Sept. 19 (Bloomberg) -- Foreign direct investment in China fell in August for the ninth time in 10 months and the government indicated a diplomatic spat with Japan will hurt trade, adding to restraints on economic growth.
Spending declined 1.4 percent from a year earlier to $8.33 billion, the ministry said in Beijing today. Shen Danyang, a ministry spokesman, said at a briefing that the dispute over islands claimed by Japan and China will “definitely” have a negative impact on trade, after protesters attacked Japanese cars and shops across China.
China’s economy may grow the least in 22 years this year as Europe’s debt crisis and slowing U.S. expansion crimp exports, and a property crackdown damps domestic demand. Further weakness may prompt the government to build on interest-rate cuts in June and July and accelerated investment approvals, with Premier Wen Jiabao saying last week that the nation has room for fiscal and monetary measures.
“The smaller inflow of foreign investments will exacerbate the nation’s current economic slowdown,” said Joy Yang, chief Greater China economist at Mirae Asset Securities (HK) Ltd., who formerly worked for the International Monetary Fund. China’s leaders, following a political transition set to begin this year, may take further steps to support growth including measures to boost domestic investment and consumption, Yang said.
Given the size of foreign investment relative to the economy, the effect on China’s slowdown “will be more in a sentimental rather than material sense,” Yang said.
The benchmark Shanghai Composite Index of stocks rose 0.2 percent at the 11:30 a.m. local-time break. The yuan strengthened less than 0.1 percent to 6.3151 against the U.S. dollar and is down about 0.4 percent this year after a 4.7 percent gain in 2011.
Inbound investment in the first eight months of the year fell 3.4 percent to $75 billion, including a drop of about 10 percent in the property market, the ministry said. Outbound spending rose 39 percent to $47.7 billion.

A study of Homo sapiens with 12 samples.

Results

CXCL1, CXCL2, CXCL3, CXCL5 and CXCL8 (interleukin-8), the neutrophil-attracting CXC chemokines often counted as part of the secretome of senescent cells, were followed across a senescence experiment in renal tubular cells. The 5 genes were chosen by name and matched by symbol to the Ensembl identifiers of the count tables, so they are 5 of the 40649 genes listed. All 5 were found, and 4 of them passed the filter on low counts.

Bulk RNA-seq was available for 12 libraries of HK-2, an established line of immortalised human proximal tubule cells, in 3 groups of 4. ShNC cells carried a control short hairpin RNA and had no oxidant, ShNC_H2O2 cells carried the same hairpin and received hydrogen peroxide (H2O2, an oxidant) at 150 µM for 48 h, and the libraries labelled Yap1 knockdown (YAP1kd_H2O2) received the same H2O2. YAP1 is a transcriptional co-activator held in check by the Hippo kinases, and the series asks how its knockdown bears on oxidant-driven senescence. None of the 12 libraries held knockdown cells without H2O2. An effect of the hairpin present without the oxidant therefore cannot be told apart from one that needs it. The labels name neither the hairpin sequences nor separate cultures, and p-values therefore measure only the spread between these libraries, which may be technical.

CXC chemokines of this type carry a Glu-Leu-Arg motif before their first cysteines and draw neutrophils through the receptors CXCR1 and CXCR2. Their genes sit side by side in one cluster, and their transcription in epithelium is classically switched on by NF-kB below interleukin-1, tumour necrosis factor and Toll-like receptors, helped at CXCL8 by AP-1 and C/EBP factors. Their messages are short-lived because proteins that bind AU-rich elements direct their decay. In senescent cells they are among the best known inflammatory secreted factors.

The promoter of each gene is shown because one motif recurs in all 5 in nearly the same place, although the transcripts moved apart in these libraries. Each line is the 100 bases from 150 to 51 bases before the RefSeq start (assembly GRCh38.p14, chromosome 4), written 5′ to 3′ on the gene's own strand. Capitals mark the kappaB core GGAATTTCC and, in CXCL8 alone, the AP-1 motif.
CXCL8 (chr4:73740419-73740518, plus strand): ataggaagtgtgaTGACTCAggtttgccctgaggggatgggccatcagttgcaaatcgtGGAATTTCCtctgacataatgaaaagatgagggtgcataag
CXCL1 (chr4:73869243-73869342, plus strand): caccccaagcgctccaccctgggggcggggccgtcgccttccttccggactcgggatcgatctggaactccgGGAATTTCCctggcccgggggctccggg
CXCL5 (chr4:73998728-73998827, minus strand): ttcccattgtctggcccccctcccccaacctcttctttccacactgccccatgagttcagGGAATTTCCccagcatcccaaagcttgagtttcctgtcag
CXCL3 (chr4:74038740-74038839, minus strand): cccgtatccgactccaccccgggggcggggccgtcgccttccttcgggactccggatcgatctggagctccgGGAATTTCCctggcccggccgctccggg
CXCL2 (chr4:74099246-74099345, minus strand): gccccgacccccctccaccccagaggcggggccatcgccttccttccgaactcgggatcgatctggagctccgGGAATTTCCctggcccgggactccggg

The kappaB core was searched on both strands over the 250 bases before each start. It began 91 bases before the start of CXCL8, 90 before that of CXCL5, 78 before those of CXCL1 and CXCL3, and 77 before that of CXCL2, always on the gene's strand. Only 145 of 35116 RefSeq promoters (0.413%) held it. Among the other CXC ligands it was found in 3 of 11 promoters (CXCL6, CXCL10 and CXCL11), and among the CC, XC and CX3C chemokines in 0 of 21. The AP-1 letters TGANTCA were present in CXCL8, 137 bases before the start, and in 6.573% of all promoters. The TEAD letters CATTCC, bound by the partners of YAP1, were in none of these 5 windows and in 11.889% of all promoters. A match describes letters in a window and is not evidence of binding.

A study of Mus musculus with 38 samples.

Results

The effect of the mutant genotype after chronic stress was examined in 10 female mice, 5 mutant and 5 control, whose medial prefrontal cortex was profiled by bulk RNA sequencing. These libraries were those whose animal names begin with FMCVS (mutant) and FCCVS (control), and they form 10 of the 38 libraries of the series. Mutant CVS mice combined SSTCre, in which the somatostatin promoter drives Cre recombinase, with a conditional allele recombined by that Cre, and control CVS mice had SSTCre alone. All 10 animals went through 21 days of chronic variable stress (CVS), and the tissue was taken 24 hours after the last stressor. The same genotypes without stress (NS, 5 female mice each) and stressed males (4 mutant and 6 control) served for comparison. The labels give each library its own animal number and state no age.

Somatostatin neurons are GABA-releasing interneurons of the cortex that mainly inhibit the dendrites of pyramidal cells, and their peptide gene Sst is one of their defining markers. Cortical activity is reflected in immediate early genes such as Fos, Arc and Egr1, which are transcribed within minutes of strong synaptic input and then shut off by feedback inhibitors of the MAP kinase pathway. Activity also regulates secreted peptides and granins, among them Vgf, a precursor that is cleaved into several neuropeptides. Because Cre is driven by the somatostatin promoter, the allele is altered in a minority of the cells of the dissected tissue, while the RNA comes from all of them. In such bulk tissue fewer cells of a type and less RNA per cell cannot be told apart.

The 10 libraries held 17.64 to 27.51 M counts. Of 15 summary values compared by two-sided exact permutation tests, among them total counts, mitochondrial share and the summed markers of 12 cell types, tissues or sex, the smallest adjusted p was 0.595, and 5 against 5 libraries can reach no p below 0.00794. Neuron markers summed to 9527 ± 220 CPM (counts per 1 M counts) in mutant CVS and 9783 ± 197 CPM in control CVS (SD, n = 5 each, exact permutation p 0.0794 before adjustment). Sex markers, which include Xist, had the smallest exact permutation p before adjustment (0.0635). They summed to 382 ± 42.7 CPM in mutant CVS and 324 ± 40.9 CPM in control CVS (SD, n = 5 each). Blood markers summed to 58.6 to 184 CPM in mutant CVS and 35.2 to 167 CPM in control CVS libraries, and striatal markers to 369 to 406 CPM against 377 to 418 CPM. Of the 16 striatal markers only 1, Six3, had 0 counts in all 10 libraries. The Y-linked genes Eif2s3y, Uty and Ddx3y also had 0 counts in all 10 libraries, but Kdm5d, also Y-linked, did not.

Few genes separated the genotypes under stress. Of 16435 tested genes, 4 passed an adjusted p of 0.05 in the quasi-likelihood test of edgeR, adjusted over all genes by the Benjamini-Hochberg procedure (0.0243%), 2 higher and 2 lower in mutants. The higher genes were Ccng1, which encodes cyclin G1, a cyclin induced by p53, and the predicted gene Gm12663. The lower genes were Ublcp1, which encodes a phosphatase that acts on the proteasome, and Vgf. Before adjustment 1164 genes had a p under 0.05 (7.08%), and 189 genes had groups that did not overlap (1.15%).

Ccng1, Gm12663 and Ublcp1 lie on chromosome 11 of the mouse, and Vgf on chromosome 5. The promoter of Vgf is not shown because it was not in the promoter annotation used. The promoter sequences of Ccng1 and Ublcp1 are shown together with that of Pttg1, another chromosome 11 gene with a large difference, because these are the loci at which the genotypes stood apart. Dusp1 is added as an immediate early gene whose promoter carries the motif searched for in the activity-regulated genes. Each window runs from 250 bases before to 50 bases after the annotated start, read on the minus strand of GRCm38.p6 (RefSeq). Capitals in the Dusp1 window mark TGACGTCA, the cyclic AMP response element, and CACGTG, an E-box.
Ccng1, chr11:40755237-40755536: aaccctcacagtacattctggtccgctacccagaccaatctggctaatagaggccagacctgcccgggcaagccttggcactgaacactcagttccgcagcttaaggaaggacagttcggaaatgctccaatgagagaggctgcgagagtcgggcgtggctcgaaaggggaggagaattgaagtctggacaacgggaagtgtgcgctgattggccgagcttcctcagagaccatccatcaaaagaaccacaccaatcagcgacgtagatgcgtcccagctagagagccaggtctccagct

China doesn’t want to see the island dispute affect trade, Shen said at the briefing. China was the largest market for Japanese exports in 2011, while Japan was the fourth-largest market for Chinese exports.
Japanese investment in China increased 16.2 percent in the first eight months from a year earlier, data showed today, down from a 50 percent rise in 2011. China’s investment in Japan fell 11.1 percent in the January-August period.
Net sales of foreign currency by China’s central bank and financial institutions accelerated last month, People’s Bank of China data showed yesterday, suggesting capital outflows picked up as the nation’s economic slowdown deepened.
People’s Bank of China Governor Zhou Xiaochuan said downward pressure on the economy is still “relatively large” and the external environment affecting China’s growth is “grim,” according to a commentary today in Financial News, a newspaper published by the central bank.
Even so, officials in China have refrained from easing monetary policy since cutting interest rates and lowering banks’ reserve requirements three times from November to May. Authorities have signaled they won’t enact stimulus near the scale of a 4 trillion yuan ($586 billion at the time) package announced in 2008, amid a global crisis when 20 million migrant workers lost their jobs.
Zhou said in the commentary that the central bank will keep the continuity of monetary policies and make more effective and targeted adjustments.
“China is gradually losing its favorite destination status for foreign investors because of its rising costs and slowing economy,” said Liu Li-Gang, chief Greater China economist in Hong Kong at Australia & New Zealand Banking Group Ltd., who previously worked at the World Bank.
At the same time, “given China’s huge surplus capital and its position to export capital, we do not think this is a worrying sign,” and companies will take advantage of China’s transition to a more consumption-driven society, Liu said.
Inflation that accelerated for the first time in five months in August may limit any monetary easing. The government is also persisting with a campaign to rein in speculation in the property market and make housing more affordable.
China needs to “moderately lower” interest rates, Li Daokui, a former central bank adviser, told reporters in Tianjin on Sept. 11. Growth will pick up in the fourth quarter and China’s new infrastructure investment plans will aid expansion at the start of next year, he said.
Home Depot Inc., the largest U.S. home-improvement retailer, said Sept. 13 it is closing its remaining seven so-called big-box stores in China as it shifts its focus to specialty and online outlets, firing about 850 workers.
The slowing economy is helping spark more competition among cities and regions to attract foreign investment. At a fair organized by the Commerce Ministry this month in the coastal city of Xiamen, governments advertised their incentives, including housing subsidies by Xiamen’s Haicang district, special public-security protection from a district in Hubei province and local-tax refunds from an industrial park in Inner Mongolia.
“It’s not easy to attract investors, and every region has its own advantages,” Huang Songren, an official from an economic and technology development zone in Zhangzhou, a city in China’s Fujian province, said Sept. 8 from his booth at the fair.